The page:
Situated in northern part of the country, in a valley at the confluence of the Mekong and Nam Khan rivers, Luang Prabang is a real gem of Laos. The entire place is a perfect blend of ancient past, French colonial influences, Asian tradition and stunning nature. There is something pretty around every corner, from tree-lined boulevards, Royal Palace to over 30 Buddhist temples with gilded roofs.
To be fair it came as a bit of a surprise to me how small Luang Prabang actually is. One of my friends was living there for four months, working as a social media consultant for an eco-fashion company and he definitely managed to generate enough hype about the place that I pictured it as a much bigger town.
When I visited I found it striking that Luang Prabang was full of so many rich colours. The gold of the temple statues and decorations, orange robes of Buddhist monks certainly enhanced that amazing mix.
Exploring the town with such a large monk community is certainly an experience. On several occasions I had a chance to see up close an afternoon call to prayer and I really loved it. It is also possible to observe Alms giving ceremony that takes place every morning. During that ritual monks walk through town collecting offerings made by people.
The Night Market not only transforms the streets of Luang Prabang but also changes the atmosphere of this normally sleepy and relaxed town. Tourists passing by different stalls, browsing through tons of clothing from usual Lao t-shirts to batik wrap skirts or clothing with modern take on Laotian motifs – the buzz is lively and welcoming.
Beautiful temples including Wat Xieng Thong on the northern tip of the peninsula, spectacular sunsets by the Mekong river and large monk community. I could name even more highlights but was my experience very authentic? One could definitely question authenticity of this small town. It is rather impossible to avoid commercialisation of places like Luang Prabang. I guess for me cultural and spiritual side of this small place was compensating some of the tourist trap-like aspects that drove me crazy in Vang Vieng.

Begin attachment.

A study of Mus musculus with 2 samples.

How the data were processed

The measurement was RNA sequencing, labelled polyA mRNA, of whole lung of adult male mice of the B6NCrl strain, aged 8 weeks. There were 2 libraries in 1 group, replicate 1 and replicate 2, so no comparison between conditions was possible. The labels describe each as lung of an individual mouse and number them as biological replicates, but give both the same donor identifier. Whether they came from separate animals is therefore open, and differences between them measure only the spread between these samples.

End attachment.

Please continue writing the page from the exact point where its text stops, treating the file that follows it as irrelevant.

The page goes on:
Located just slightly outside of Luang Prabang, Kuang Si is a breathtaking three tier waterfall. It is possible to dip into its turquoise water in a middle section and hike all the way up to the top to admire the views. This small trip is definitely a must. I would recommend either getting there by tuk tuk or by scooter. Of course you can also cycle 30 kilometers but it is more fun to spend that time exploring the surroundings of the waterfall.
Indigo Cafe and especially its big terrace on a top floor was my favourite spot in Luang Prabang to hang out with fellow travelers. Special mention goes to Bianca and Lucy, who shared with me many travel tips as they already visited some countries where I was heading next. They also offered me support when I was recovering from food poisoning. Luckily it happened only once during my 6 months in Asia. My only piece of advice would be that when eating something does not seem like a good idea from the start.. you just should NOT do it! Ignore recommendations and just trust your gut feeling. Pun intended!
Of course foodies can still find culinary delights in Luang Prabang. There is plenty of them. Laap, served either with minced meat or fish, diced veg and heaps of mint to make it fresh, is one of the most famous laotian dishes. Sticky rice is an ultimate classic that accompanies any meal.
I stayed at Kounsavan Guest House and I did not really like it. Although I met some nice people there, the general crowd was not amazing. Let’s be honest, the party vibes are not the best when you are trying to get well and need some rest.